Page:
Bob Stoops may be ahead of trend of coaches retiring in prime

Why coach until you're a senior citizen when you're being paid more than $4 million per year?

by Dennis Dodd                - Sep 12, 2017


NORMAN, Okla. -- Bob Stoops surveyed his domain at 8 a.m. over a cup of coffee on the back patio of the Belmar Golf Club.

Except for a couple of workers on a beautiful central Oklahoma morning, the former Sooner coach was alone. While his coaching career had ended, another week of retirement was just beginning.

"That's Lon Kruger right there teeing off," he said of the OU basketball coach. "And that's the trainer, Alex Brown. He's been here 30 years. They play in about an hour and a half."

Um, good to know, Bob. Later, Stoops would hit a bucket of balls, work out and enjoy life to its fullest.

It was -- in Stoops' new normal -- a full day. If you get the idea the man has time on his hands, just watch. Just another day in (retirement) paradise becomes more plural with each sunrise.

"I've got more that I want to do," Stoops said last week. "What it is, I'm not sure yet."

Is that Stoops or a Jimmy Buffet lyric? Since shocking the world with his retirement on June 7, Stoops has spent a lot time convincing people he's really done. That and becoming the coolest guy in the world.

Steak tacos for breakfast last week at Belmar? On Saturday, he shot an 88 at Muirfield Village -- Jack Nicklaus' legendary track in Columbus -- before the Ohio State game.

The night before, there was a 40-year anniversary get together between Ohio State and Oklahoma officials, boosters and former players saluting the epic 1977 game.

"He was just the life of the party," said Dean Blevins, a quarterback on that 1977 OU team. "Bob had 'em just rolling."

In a sport where coaches frequently work into senior citizenry or get burned out long before it, Stoops just might be leading a new vanguard of coaches. With enough money for a couple of lifetimes, quality of life could easily become more important than the grind.

"Instinctively, I think you're right," said a source who works with schools during coaching searches. "The only question I have is that a lot of these guys can't do anything else …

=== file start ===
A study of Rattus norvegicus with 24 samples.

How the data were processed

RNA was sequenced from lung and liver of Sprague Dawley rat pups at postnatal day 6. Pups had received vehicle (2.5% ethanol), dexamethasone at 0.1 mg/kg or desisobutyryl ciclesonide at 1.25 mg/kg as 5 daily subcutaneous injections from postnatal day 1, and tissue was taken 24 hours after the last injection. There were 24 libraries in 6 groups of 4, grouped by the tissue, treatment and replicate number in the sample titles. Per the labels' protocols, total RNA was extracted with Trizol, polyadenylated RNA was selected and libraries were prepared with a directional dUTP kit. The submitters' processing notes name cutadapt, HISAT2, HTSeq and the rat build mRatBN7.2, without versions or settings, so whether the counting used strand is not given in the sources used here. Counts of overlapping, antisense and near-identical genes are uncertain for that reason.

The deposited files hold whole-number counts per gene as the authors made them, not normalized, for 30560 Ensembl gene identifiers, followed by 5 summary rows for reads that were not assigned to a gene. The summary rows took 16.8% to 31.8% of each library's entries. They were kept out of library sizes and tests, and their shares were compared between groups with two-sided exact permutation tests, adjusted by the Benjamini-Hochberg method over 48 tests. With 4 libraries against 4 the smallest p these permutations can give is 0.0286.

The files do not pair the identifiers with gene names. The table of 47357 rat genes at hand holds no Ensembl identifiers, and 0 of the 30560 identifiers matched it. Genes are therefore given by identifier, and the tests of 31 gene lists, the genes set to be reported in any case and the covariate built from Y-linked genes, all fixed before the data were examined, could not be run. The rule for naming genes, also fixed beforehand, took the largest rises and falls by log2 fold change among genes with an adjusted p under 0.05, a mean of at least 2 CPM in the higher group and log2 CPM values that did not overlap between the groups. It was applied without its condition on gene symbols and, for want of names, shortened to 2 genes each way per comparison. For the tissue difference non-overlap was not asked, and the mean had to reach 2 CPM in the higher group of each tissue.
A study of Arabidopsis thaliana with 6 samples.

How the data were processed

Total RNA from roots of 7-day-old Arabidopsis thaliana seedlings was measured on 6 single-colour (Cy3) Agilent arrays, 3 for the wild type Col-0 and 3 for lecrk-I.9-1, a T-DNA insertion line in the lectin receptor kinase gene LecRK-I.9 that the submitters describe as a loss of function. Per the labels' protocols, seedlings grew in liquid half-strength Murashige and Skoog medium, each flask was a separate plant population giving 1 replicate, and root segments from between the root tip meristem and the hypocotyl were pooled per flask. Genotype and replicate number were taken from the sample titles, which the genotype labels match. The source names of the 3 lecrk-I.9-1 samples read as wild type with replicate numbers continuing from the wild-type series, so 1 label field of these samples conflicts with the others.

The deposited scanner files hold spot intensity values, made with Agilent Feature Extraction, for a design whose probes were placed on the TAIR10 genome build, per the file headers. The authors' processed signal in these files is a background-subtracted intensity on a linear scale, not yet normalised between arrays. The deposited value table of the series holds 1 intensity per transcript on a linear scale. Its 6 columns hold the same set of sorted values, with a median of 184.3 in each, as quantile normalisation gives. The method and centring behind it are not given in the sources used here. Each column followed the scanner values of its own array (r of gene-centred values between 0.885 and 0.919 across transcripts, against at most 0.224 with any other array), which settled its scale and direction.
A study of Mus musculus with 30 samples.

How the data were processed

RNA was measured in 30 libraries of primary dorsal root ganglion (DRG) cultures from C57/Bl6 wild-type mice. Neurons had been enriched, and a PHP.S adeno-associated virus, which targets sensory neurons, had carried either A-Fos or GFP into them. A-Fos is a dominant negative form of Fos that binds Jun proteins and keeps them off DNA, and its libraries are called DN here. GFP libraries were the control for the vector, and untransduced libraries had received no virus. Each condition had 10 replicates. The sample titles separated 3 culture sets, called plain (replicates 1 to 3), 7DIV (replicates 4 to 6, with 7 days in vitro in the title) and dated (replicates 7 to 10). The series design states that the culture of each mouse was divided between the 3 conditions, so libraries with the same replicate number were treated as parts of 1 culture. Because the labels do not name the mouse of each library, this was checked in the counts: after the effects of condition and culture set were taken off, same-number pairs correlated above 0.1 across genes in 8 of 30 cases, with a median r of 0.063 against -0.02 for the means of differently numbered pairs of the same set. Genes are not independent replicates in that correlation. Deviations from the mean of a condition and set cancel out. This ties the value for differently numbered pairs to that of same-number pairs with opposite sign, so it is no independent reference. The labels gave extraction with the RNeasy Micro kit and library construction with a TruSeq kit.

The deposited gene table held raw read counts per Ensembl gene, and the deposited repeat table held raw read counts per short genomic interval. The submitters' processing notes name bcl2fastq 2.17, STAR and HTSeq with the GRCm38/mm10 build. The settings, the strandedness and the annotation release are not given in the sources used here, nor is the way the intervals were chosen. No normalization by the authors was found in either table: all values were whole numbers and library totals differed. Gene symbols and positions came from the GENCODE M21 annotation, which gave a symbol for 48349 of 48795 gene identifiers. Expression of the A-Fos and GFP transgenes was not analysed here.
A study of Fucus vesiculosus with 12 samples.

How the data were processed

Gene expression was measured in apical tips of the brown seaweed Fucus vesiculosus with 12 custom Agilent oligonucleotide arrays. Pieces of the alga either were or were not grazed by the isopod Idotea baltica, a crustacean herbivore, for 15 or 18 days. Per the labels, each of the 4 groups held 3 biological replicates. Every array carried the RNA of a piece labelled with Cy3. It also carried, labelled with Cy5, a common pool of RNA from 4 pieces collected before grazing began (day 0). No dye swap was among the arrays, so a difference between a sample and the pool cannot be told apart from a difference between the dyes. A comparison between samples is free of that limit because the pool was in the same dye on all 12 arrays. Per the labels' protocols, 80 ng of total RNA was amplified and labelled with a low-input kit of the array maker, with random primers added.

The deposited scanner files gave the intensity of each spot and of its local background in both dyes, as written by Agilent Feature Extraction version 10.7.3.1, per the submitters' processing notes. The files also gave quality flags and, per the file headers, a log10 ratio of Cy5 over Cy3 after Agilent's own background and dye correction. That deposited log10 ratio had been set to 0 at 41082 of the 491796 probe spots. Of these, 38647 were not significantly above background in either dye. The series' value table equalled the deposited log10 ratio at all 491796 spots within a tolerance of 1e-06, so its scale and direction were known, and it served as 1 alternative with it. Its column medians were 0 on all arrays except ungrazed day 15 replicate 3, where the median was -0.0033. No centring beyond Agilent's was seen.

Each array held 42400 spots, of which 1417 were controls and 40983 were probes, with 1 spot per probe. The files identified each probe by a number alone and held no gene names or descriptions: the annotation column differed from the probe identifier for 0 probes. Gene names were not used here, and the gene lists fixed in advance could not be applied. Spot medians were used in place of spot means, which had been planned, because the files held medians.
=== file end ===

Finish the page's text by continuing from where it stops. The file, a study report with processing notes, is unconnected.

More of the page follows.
"How he handles these next couple of years will be the template. Can he -- and will he -- enjoy it, or will he miss it?"

In an age when even average coaches command $4 million per year, there isn't the financial need to keep going. But for the overwhelming majority of coaches, the money is nice but not the motivation.

It's the juice of building, maintaining and winning.

Urban Meyer left Florida abruptly on Dec. 26, 2009. He quickly returned, taking a leave of absence before stepping down permanently on Dec. 9, 2010.

"I tried it one time … I knew within a month I made a mistake," Meyer said.

He came back less than a year later in November 2011, taking over Ohio State amid changing his lifestyle. At age 53, he is less than four years younger than Stoops, who turned 57 Saturday, the day OU upset Meyer's Buckeyes.

Meyer remains a picture of health, just as driven but has prioritized life.

"I did talk to Bob quite a while [after his retirement]," Meyer said. "I gave him his space then I talked to him afterward. Bob has always done it his way. Not many people get to do it his way.

"Successful people are worried about who is going to take over for you, too. Is it going to be a mess when you leave?"

Those are almost the exact words Stoops used that morning at the golf club. Part of the reason it was easier to step away, he said, was the continuity. No a single staff member was released when Stoops' OC was promoted.

"Bob can just as easily walk off Muirfield after cocktails and walk on to five pro jobs, just like that," Blevins said. "He can go to Mississippi tomorrow. I don't think he's going to, but a coach gets to sit back and look around and field offers. … You could have the best of both worlds."

A vanguard of like-minded coaches might be hard to assemble at the moment. Let's take a quick glance at coaches who loosely fit Stoops' profile: championship coaches at a similar age at the top of their game.

Mark Dantonio, Michigan State (61): Coach D is a couple of years removed from a Big Ten title and playoff berth, but he seems determined to lead the Spartans out of recent scandals. 

Mike Leach, Washington State (56): Never won a championship at Texas Tech or Washington State, but he is a proven commodity for a school looking to make a splash. He doesn't look ready for retirement.

Chris Petersen, Washington (52): No chance. He's the game's second-winningest active coach (next to Meyer) and just getting started at UW.

Brian Kelly, Notre Dame (55): If Kelly is going anywhere, it's the NFL. It may not be his call. Kelly first has to survive a current hot seat run (5-11 in his last 16) in South Bend.

Stoops' closest brush with football these days is ducking into Oklahoma quarterbacks and offensive line meetings from time to time. That's a seamless byproduct of his former OC now running the show.

Stoops said on more than one occasion last week he was "nervous" about traveling to Ohio State.  During warm-ups Saturday night, he stood almost anonymously in a corner of Ohio Stadium. Among the players, only Baker Mayfield found him for a big hug.

After the upset, Stoops made his way down the field, but again, he stayed off to the side, smiling, giggling and, this time, hugging after one of the great moments in OU history.

Stoops waved off media who wanted his reaction, saying at one point, "It feels like I just retired last week."

In that moment it sure seemed like Big Game Bob had become just another fan.

"I don't see [coming back] as a possibility," Stoops reiterated.